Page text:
Around the world, fraudsters are turning to social media platforms like Facebook and Instagram to reach billions of potential victims. As losses continue to pile up, regulators are voicing their concerns, with one going as far as suing a social media giant for not taking sufficient steps to tackle the rampant issue.
Just last month, Australia’s Competition and Consumer Commission (ACCC) instituted Federal Court proceedings against Facebook owner Meta Platforms for allegedly misleading users by publishing scam advertisements featuring local celebrities.
The ads promoted cryptocurrency investments and linked to fake media articles in which public figures endorsed the schemes. The watchdog said Meta Platforms “engaged in false, misleading or deceptive conduct.” The firm was allegedly aware of the fraudulent ads being placed on Facebook but did not take sufficient steps to have them removed.
In some instances, the ads remained online even after the public figures reported that their name and image were being featured in celebrity endorsement cryptocurrency scam ads.
Meta Platforms’ technology enables ads to be targeted at users most likely to engage with the ads, the ACCC said, adding that data suggest that social media is far more profitable to scammers than any other method. One individual lost more than A$650,000 (US$480,000), according to the media release.
In the UK, the Financial Conduct Authority (FCA) warned Meta Platforms and Twitter just last week that more needs to be done to take on fraudsters as investment scams continue to rise.
Currently, investments companies are allowed to post ads on Facebook and Twitter regardless of whether or not they are regulated by the FCA. This has led to a surge in the number of scams and fraud attempts seeking to lure users into putting their money into fake investment schemes.
“Following our public intervention, Google changed policy to only permit FCA-registered firms to advertise financial promotions with them,” Nikhil Rathi, head of the FCA, wrote in The Telegraph. “We now expect commitments from Meta, Twitter and others to be turned into clear timetables for action.”
Social media companies are coming under fire as scammers and fraudsters flock into these platforms to gain access to a large pool of potential victims. This surge is attributed in part to the COVID-19 pandemic which has led to more criminal activity online.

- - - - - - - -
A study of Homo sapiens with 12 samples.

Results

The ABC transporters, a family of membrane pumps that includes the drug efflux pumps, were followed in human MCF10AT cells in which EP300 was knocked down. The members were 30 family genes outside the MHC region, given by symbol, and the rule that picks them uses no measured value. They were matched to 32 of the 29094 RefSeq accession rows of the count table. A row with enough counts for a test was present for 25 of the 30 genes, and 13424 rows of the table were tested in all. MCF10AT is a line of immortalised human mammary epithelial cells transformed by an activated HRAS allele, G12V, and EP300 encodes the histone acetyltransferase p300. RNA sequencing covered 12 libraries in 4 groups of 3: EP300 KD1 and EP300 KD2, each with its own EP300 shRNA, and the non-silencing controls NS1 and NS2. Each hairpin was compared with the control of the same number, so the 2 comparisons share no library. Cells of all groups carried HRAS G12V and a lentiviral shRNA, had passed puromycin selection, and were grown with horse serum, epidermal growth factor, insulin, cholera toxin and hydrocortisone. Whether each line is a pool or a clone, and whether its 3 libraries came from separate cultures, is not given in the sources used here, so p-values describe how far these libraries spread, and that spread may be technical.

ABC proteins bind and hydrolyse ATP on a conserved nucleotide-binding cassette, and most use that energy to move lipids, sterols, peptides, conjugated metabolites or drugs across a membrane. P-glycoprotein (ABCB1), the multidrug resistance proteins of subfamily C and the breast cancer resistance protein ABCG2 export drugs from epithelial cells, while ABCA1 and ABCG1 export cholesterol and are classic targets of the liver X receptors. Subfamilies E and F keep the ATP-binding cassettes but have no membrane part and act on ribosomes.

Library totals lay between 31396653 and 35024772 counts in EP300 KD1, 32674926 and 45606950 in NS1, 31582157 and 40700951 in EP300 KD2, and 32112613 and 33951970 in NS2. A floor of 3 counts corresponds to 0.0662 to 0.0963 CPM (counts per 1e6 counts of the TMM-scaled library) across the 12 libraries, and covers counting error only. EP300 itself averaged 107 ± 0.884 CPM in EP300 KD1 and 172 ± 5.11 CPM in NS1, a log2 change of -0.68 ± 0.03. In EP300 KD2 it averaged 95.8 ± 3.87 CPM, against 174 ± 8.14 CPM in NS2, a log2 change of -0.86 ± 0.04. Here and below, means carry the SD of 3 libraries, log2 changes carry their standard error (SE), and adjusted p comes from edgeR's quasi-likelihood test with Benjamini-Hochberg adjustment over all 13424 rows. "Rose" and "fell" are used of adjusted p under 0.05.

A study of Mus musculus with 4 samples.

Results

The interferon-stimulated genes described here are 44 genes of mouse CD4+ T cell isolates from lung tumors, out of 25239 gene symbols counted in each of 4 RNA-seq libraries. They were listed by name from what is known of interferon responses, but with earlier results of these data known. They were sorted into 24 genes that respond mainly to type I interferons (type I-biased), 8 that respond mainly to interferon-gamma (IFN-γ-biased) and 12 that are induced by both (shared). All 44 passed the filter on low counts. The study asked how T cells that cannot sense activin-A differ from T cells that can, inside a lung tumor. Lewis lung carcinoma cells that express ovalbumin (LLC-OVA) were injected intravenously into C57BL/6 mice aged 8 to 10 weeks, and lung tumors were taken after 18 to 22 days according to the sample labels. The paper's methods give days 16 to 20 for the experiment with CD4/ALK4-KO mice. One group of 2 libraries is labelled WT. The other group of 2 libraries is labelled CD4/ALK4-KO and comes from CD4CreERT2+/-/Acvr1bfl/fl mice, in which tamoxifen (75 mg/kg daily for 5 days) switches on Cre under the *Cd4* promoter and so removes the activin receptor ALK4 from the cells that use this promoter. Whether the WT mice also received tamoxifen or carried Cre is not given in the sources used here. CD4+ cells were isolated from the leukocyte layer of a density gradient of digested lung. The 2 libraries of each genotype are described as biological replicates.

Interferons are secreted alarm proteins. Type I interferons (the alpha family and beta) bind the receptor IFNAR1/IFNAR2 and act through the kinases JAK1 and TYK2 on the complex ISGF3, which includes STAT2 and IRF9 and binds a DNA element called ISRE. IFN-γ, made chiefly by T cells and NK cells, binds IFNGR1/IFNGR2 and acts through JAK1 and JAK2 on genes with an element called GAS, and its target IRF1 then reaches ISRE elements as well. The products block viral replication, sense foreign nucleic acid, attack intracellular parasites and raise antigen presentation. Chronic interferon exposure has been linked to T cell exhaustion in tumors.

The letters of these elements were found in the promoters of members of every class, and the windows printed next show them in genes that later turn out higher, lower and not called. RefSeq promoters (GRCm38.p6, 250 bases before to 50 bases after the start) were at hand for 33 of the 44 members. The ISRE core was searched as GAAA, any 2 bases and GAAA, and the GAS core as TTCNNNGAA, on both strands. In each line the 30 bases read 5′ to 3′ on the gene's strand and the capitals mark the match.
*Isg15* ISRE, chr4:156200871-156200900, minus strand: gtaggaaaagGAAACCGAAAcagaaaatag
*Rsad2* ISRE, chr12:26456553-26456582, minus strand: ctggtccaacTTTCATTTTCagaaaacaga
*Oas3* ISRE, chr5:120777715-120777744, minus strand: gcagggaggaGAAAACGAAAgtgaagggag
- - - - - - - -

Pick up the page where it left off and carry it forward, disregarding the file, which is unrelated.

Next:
In 2021, more than 95,000 people in the US reported about US$770 million in losses to fraud initiated on social media platforms, according to the Federal Trade Commission (FTC). Those losses accounted for about 25% of all reported losses to fraud in 2021 and represented a stunning 18-fold increase over 2017 reported losses.
In a January 2022 statement, the agency highlighted the surge in crypto investment scams taking place over social media platforms. According to the FTC, 54% of people who reported losses to investment scams in 2021 said the scam started on social media with the top platforms identified being Instagram (36%), Facebook (28%), WhatsApp (9%), and Telegram (7%).
In the UK, an estimated 86% of fraud is committed online, according to the Home Office. Action Fraud, the UK’s national reporting center for fraud and cybercrime, said it received 9,458 reports referring to crypto in 2021, an increase of 64% from 5,758 in 2020. Total losses reached GBP 204.5 million (US$266 million) in 2021.
According to blockchain analytics firm Chainalysis, crypto-based crime hit a new all-time high in 2021, netting scammers a record of US$14 billion. This represents a 79% year-on-year (YoY) increase. Of the US$14 billion pocketed by criminals in 2021, US$7.8 billion came from scams. The sum represents a 82% YoY increase.
Meta Platforms and digital banking company Chime filed in January 2022 a joint lawsuit against two Nigeria-based individuals who engaged in phishing attacks to deceive people online and gain access to their online financial accounts.
The lawsuit alleges that the defendants used Chime-impersonating social media accounts to direct users to fake branded phishing websites with the aim of obtaining their Chime account login information to withdraw funds.